OPINION FILED: September 29, 1998.
APPEAL FROM CIRCUIT COURT OF CHRISTIAN COUNTY, HON. ANTHONY McCONNELL, JUDGE.
Richard L. Schnake, Richard Owensby, Neale Newman, L.L.P., Springfield, for Petitioner-Appellant.
LeRoy W. Kaelke, Rogersville, for Respondent-Respondent.
CROW and PARRISH, JJ., concur.
The parties' marriage was dissolved by a decree of the Circuit Court of Christian County on November 18, 1986. The court subsequently modified the decree three times with respect to maintenance, child custody, and child support.
Appellant appeals from judgment of dismissal of her counterclaim in which she sought a determination of the amount owed her pursuant to a modification order of February 18, 1994. Our review is under Rule 73.01(c). For an interpretation of that rule, see In re Marriage of Lafferty, 788 S.W.2d 359, 361 (Mo. App. 1990).
The dissolution decree ordered Respondent to make maintenance payments to Appellant "until Wife remarries or dies, or until such award is modified or terminated as provided otherwise by law." Appellant remarried on June 2, 1992; she received no child support nor maintenance payments for that month nor thereafter. On July 22, 1993, Respondent filed a motion to modify the decree, which led to the 1994 modification relevant to this appeal. That modification terminated Respondent's obligation to pay maintenance retroactive to the date of December 1, 1993, and terminated his obligation to pay child support for one child, retroactive to June 6, 1992.
Respondent now states that the court's 1994 modification regarding retroactive maintenance was materially altered from the proposed order submitted by the parties, and that he was unaware of the alteration until Appellant filed a counterclaim in 1996. However, no evidence supporting that contention was presented to the trial court, nor was it made an issue here.
Respondent's request of a modification of the decree was filed on October 17, 1996. He later dismissed that motion, but filed a motion to set aside that portion of the previous order of modification awarding post-remarriage maintenance. The latter motion was never expressly ruled, but at least by the effect of the trial court's "judgment" the court found the motion to have merit.
The trial court entered "Judgment and Order of Dismissal," signed by the judge, dismissing Appellant's counterclaim, finding "no just reason or cause for delay." We view this document as in compliance with Rule 74.01(b), thus allowing an appeal from the "Judgment."
Appellant asserted a counterclaim against Respondent, alleging that he had failed to make all of the child support and maintenance payments due under the 1994 modification. Appellant alleged that Respondent had paid only $200.00 of the child support payment due for May, 1992, and none of the support due for June, 1992. With respect to the maintenance payments, Appellant alleged that Respondent had paid only half of the amount due for May, 1992, and failed to make any further payments due her through December 1, 1993. By her counterclaim filed December 24, 1996, Appellant sought a declaration of the amount owed her, a judgment for interest from the dates the various payments had accrued, and an award of attorney's fees.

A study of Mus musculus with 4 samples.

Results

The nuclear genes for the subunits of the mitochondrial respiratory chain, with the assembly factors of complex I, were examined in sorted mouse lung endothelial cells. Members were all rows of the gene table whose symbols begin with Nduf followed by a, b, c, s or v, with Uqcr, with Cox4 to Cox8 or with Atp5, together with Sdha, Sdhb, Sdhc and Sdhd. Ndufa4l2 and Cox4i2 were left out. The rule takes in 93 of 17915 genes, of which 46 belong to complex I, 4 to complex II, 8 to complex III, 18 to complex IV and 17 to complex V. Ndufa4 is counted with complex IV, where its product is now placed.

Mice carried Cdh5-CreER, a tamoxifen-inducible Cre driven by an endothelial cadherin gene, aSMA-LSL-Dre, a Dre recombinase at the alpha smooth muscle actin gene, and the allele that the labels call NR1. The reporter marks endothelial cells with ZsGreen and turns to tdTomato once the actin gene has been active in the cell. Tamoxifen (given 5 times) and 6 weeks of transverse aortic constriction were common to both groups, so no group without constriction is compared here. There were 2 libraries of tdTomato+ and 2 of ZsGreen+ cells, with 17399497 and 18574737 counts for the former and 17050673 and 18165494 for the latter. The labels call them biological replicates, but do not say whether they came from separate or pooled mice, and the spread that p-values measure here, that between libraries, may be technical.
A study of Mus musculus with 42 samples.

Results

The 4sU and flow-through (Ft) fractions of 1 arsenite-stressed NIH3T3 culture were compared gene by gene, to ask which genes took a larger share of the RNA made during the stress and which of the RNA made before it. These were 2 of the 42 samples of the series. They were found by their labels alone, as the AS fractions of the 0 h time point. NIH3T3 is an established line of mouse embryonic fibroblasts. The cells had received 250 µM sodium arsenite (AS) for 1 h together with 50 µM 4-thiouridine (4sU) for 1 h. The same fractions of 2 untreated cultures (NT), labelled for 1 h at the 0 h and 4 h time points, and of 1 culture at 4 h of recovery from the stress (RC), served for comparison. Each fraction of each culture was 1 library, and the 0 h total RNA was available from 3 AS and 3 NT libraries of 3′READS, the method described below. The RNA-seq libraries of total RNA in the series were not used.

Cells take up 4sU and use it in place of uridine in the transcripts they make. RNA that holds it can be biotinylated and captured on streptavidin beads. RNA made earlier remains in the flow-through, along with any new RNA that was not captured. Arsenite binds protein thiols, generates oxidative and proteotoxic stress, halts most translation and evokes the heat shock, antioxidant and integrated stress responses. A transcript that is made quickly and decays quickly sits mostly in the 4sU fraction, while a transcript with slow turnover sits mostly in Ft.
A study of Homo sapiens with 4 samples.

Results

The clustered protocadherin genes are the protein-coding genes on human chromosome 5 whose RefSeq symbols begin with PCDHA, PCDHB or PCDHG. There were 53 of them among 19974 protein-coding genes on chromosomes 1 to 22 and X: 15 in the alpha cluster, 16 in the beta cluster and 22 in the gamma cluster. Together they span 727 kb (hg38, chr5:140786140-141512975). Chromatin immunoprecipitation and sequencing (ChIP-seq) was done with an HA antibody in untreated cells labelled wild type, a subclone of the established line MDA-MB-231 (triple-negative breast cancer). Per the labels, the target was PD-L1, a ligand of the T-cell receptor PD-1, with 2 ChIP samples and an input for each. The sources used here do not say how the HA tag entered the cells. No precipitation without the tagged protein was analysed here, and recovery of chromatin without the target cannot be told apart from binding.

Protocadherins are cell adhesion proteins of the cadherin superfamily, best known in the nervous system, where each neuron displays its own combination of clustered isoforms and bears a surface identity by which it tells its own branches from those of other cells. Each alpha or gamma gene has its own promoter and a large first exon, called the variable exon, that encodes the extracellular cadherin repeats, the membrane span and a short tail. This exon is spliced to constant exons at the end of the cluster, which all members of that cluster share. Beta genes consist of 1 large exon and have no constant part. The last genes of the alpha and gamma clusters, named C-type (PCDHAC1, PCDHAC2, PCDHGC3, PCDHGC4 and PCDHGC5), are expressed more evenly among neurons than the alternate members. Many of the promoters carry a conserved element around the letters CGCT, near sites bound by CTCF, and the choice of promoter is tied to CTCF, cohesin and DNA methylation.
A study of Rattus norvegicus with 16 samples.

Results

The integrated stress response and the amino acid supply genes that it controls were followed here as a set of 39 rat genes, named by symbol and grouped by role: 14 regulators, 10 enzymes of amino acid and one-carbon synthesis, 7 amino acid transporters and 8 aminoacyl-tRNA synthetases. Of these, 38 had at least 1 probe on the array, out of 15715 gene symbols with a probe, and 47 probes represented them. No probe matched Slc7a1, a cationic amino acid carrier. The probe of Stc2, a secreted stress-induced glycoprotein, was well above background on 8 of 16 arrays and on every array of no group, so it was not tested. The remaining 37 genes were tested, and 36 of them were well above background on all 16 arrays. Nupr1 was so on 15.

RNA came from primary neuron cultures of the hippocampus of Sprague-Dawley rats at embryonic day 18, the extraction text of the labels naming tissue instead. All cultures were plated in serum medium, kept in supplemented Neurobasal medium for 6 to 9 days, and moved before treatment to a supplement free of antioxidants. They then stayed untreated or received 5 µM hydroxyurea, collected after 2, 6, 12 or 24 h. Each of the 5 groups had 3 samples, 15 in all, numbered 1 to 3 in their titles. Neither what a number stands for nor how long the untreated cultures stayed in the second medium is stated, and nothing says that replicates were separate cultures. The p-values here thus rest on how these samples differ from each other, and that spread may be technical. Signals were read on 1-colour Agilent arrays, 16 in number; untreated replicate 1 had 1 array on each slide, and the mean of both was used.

In this appeal, Appellant asserts the trial court erred by dismissing her counterclaim seeking a declaration of the amount owed her because: (a) she was entitled to declaratory relief in that there was uncertainty regarding her rights and Respondent's obligations under the modification order; (b) the original maintenance arrangement resulted from separation agreement decretal maintenance, not from contractual maintenance, and was therefore modifiable; and (c) Respondent waived the question whether the court had authority to enter the 1994 modification in that he failed to make a timely objection or timely appeal that order.
Respondent counters that the dismissal was proper because the trial court lacked subject matter jurisdiction to award post-remarriage maintenance to Appellant after the date of her marriage. The trial court dismissed Appellant's counterclaim on the ground that it had no jurisdiction to modify the award of maintenance.
The award of maintenance originally ordered was "separation agreement decretal maintenance" because the parties entered into a separation agreement which was then incorporated by the court into the decree. When a separation agreement allows an award of maintenance, and then such agreement is incorporated into a decree of dissolution, the maintenance award is decretal maintenance and may be modified by the court. Daily v. Daily, 912 S.W.2d 110, 113 (Mo. App. 1995); Section 452.325.6, RSMo 1995.
The trial court erred in determining that it did not have jurisdiction to modify the maintenance award. Here, the date to which the maintenance was extended might have been erroneous, but the trial court had jurisdiction to do it, and as there was no appeal, absent any infirmity not here presented, that modification is valid.
"Subject matter jurisdiction" is the authority of a court to determine the general question involved. If the pleadings state a matter belonging to a general class over which the authority of the court extends, that court has "subject matter jurisdiction." In re Marriage of Neal, 699 S.W.2d 92, 94 (Mo. App. 1985). Here, the court clearly had jurisdiction over the subject, a decree of dissolution and its modification.
A court that has jurisdiction over a matter may decide the issues erroneously without losing jurisdiction. Valdez v. Thierry, 963 S.W.2d 459, 461 (Mo. App. 1998). A mistake of law does not deprive a court of subject matter jurisdiction. Id. By not appealing, Respondent can no longer challenge that modification. Id.
The judgment is reversed and the cause remanded for further proceedings consistent with this opinion.